With the proliferation of social media outlets and job search engines, including LinkedIn, Twitter, Monster.com, glassdoor and even Facebook, it is as easy as ever to get your resume in front of prospective employers. These websites are expertly designed to highlight credentials, strengths, connections and interests before a broad audience. Employers also benefit from these improvements, with a wide-array of potential candidates to fill an open position only a few clicks away.
At the same time, the door has opened for potential abuse. Employers seeking to fill positions through these outlets, as well as through more conventional forms of hiring, must always be on the lookout for manipulation and deceit. Particularly where positions require specific credentials, employers are well advised to do their homework.
Garg Consulting Services, a Connecticut-based construction management and inspection firm, learned this lesson the hard way recently. Earlier this year, Garg agreed to settle criminal allegations out of court for $390,000.
State and federal officials alleged that Garg failed to properly scrutinize the credentials of a bridge inspector working at Garg, who obtained employment at Garg under the false pretenses that he had earned an engineering degree and Engineer-in-Training certificate from the State of Connecticut, when in fact he had not.
Mr. Barry Kenneth Purnell Jr. pled guilty in March to criminal charges. He falsely claimed to have a bachelor’s degree in civil engineering and an Engineering-in-Training certificate from the State of Connecticut, posting both phony credentials on his LinkedIn page. In fact, Mr. Purnell had taken some continuing education courses and attended some community college, none of which included engineering related courses. Mr. Purnell has not yet been sentenced but faces a maximum prison term of eight years.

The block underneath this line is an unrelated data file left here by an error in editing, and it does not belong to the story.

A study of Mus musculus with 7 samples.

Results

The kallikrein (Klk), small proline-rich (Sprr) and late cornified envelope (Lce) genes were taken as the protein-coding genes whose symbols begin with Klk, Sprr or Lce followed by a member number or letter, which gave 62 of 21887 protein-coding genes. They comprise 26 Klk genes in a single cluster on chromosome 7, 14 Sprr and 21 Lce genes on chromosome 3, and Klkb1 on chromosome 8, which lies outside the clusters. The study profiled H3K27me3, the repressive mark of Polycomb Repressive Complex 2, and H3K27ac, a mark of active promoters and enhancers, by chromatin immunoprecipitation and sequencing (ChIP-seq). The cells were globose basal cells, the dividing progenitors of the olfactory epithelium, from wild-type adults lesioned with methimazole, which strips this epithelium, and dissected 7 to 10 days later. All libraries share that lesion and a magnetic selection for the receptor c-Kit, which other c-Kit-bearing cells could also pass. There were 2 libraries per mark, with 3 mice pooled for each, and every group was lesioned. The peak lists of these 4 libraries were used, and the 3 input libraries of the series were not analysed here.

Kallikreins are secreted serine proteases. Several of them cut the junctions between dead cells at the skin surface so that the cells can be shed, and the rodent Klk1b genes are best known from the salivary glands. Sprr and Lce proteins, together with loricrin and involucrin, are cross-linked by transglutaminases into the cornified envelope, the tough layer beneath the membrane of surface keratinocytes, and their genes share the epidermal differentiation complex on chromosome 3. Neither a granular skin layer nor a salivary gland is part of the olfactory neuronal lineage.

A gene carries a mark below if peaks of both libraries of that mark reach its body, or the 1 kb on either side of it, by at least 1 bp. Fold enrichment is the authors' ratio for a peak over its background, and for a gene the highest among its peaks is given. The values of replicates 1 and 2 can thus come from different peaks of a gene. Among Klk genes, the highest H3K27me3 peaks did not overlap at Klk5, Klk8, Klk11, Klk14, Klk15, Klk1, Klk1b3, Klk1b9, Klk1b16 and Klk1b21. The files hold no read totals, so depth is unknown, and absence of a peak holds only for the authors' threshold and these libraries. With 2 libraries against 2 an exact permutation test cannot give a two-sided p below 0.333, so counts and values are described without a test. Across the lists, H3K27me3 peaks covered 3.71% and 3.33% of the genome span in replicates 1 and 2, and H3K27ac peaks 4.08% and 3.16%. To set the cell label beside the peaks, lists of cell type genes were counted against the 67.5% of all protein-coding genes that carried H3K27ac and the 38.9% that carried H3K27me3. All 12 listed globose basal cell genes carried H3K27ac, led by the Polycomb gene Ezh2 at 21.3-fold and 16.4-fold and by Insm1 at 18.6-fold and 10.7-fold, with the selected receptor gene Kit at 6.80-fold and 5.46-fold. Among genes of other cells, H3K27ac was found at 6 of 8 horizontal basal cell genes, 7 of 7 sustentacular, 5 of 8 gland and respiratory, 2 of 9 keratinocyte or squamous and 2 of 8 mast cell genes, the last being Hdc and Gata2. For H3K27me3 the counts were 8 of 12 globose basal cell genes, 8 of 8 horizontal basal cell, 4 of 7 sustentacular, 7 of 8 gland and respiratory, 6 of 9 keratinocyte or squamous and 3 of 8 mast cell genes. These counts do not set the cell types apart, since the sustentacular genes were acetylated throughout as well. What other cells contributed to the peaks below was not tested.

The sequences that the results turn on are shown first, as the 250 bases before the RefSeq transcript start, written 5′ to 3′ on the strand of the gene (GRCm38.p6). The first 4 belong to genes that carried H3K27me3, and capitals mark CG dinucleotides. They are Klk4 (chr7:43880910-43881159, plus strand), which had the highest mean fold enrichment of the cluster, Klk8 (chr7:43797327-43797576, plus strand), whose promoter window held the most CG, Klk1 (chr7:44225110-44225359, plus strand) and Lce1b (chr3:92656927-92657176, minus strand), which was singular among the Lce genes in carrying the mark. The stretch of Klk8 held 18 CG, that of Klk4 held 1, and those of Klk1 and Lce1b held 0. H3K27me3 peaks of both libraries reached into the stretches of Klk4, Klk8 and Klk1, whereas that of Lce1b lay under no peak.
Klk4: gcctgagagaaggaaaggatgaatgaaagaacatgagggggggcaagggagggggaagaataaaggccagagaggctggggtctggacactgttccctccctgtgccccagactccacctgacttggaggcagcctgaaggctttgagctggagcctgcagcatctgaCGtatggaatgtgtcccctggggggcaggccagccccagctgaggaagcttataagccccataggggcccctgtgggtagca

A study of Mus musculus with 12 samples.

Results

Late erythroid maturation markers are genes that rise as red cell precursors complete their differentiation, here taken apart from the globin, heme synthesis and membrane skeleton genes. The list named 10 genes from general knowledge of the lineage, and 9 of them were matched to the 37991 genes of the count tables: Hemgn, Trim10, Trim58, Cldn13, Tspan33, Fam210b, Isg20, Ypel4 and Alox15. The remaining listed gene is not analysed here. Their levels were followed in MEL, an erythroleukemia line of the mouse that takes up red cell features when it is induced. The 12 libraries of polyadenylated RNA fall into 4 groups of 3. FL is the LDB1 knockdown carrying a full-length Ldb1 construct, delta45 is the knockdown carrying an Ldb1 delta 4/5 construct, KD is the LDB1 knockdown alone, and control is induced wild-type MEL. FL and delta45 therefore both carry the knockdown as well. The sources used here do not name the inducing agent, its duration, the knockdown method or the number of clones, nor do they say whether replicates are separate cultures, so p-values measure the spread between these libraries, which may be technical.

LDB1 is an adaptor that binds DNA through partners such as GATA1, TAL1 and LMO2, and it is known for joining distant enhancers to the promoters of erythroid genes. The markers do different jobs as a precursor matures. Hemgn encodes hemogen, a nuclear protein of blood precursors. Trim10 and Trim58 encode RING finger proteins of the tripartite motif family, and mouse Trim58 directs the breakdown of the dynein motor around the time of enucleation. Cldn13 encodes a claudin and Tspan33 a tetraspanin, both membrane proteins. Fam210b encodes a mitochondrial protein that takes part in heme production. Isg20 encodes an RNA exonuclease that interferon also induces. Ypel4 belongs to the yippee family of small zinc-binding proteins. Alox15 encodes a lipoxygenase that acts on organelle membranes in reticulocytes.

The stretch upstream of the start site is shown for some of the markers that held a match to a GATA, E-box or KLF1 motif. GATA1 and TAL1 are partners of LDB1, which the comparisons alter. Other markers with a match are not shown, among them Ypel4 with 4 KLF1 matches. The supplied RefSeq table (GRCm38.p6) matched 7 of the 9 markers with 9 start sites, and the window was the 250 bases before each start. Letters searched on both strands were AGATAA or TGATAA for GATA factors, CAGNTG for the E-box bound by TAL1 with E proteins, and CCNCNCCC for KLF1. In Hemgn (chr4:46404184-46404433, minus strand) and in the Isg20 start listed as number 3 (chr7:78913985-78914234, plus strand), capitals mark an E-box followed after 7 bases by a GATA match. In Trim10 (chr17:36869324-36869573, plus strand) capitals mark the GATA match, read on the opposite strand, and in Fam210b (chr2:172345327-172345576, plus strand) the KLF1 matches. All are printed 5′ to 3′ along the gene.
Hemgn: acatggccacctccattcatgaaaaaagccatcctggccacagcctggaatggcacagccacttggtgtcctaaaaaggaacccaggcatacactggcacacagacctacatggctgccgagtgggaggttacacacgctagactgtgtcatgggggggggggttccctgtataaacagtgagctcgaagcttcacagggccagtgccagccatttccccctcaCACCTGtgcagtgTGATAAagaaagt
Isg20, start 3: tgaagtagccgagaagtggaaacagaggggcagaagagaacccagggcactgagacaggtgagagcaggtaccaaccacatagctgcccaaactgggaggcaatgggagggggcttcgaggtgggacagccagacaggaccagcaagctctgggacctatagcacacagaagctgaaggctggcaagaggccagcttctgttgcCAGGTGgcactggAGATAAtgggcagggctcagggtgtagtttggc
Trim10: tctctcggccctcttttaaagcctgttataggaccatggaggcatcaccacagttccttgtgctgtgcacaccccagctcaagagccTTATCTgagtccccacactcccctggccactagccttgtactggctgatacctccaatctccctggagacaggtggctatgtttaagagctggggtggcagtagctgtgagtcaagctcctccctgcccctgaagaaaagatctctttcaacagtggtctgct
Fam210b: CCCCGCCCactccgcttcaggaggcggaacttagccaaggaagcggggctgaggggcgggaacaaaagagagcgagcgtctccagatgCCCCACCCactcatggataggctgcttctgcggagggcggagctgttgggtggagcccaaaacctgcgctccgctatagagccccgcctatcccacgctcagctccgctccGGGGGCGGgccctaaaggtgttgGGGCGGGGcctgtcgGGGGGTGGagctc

According to state and federal officials, Mr. Purnell’s employer was equally to blame. Those officials alleged that Garg employed Mr. Purnell between 2007 and 2010 as a bridge inspector after failing to do “appropriate employee screening.” Garg submitted Mr. Purnell’s counterfeit credentials to meet requirements under its government contracts.
The Connecticut Department of Transportation (ConnDot) spokesman, Judd Everhart announced that when ConnDot hires a contractor, “we consider it the contractor’s responsibility to vet and vouch for the credentials of employees.”
“Employers have a responsibility to make very sure that their employees are properly certified for the jobs that they are expected to perform,” stated the Connecticut Attorney General George Jepsen in a press release.
The $390,000 settlement is a tough blow for Garg but could have been avoided through modest employee screening. Because employers can often be left on the hook for the malfeasances of their employees, employers must do more to weed out potential fraud.